3.0/ A Life In Pictures

I am very happy that most of the "reports" now, that have been posted about my Uncle Jan Harlan's documentary have been positive, and that the major objective of counter-balancing the negative and largely speculative "opinions" about Stanley has been successful. I have to say though, what else did you expect from his friends and family?? This film is a tribute, a loving memory of a man who was LOVED, and I think very little of those who might expect us to do otherwise. It doesn't need to be "balanced". Of course I could tell you about the times he pissed me off for one reason or another, but those reasons would not be very different from the average daughter's grievances with her over protective Dad, and would be VERY boring. One is either loved or is not, and if you were expecting warts, sure, read Baxter, if it makes you feel better. (Baxter never met Stanley, and his book seemed to concentrate on interviewing people with a grievance.)

If you want to read moronic things about Stanley, you won't have to look very far. There are loads of people who have taken the opportunity to berate him, either for his films and artistic integrity or his misunderstood personality. As for in-depth analysis of each of his films; well one would need a whole film just to deal with each movie, if it were to be done properly. What I am trying to say is: Enjoy the film for what it is. Jan's first film. and [imho] HIS personal thank you to Stanley and OUR chance to do likewise.

Regards, Katharina [May 8, 2001]

Sean Wrote
Maybe I was hoping more for an actual documentary, an objective view of an artist, maybe your uncle is not the person to examine this aspect of your father?

I do understand what you are saying. But we will not be the people to produce such a documentary. It would almost be impossible for us to make such a thing, and can you imagine the uproar if we got it wrong? None of us are really qualified for such an undertaking IMO. All we have done is try to redress the balance so that when researching Stanley people can look to Jan's film for the "other" and honest view of him and hopefully it take on board.

Paul Joyce made the doc "The Invisible Man" which was very biased in a negative way, and then made The Last Movie, (which he was going to make any way) but with our co-operation. We were able to put the other side and it turned out to be a rather more balanced film. I strongly suspect that another doc will be made eventually, but by (hopefully) real serious film scholar types without an agenda, who will do proper research and interview not only "names" but dedicated people whose area of study is the art of film, and film makers. I'm sure there will be many more books too.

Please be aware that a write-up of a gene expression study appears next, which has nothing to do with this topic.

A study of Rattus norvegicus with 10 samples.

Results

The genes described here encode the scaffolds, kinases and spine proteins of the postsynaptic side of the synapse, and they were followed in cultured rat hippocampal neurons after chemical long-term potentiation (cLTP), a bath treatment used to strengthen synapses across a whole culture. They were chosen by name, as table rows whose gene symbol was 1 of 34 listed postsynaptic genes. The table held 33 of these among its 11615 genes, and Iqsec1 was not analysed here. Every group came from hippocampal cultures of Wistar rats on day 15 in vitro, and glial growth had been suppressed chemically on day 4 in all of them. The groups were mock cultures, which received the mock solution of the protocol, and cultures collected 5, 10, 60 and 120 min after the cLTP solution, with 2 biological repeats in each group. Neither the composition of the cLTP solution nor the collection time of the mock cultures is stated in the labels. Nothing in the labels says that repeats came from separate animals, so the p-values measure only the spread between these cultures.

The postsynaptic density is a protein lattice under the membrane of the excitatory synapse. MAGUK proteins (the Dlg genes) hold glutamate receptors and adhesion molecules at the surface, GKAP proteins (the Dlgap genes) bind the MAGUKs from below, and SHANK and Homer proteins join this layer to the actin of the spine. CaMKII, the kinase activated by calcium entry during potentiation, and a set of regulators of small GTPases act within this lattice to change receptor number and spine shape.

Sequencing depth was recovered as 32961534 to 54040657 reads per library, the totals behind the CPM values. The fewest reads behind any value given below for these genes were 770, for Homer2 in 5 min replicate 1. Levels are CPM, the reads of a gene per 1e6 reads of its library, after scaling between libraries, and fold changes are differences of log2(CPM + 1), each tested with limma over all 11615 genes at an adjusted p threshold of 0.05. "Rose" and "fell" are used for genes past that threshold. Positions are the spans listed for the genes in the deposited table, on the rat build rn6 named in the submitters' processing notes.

Patrick Bateman wrote:
[A Life in pictures is] Awesome, This is the type of documentary I can use to say to people who ask me, "why do you like him", it says it all.

Well! What a splendid response, you're most generous Patrick. Thank you and I am very happy that you thought Jan did a good job. It could have been 12 hours long of course. SO much footage, so many people. Wasn't Stanley handsome when he was a young man! I think he had one of those faces one can see in a Caravaggio painting, all black eyes and mysterious. ;O)

Vincia1 wrote:
the documentary actually tells a funny story about the highly-detailed, 15-page set of instructions Kubrick wrote to his family on how to take care of his cats while he was away.

As I am the one reading the "instructions" for looking after the animals. (Glad you thought it was funny BTW. I could barely contain myself whilst reading it and had to do it three times!)

Dad had written the list for the people who were going to be looking after the house/animals whilst we were all in Ireland. I made a separate trip back home, once a house had been found in Waterford, to collect the three golden retrievers, and bring them over to Ireland via the ferry. (That list of instructions was even longer for the dogs.) That was a funny trip. A friend and I and three dogs ,freezing on the deck of the ship, hoping madly that they wouldn't "need to go" till we landed... It was the cats who had to stay behind.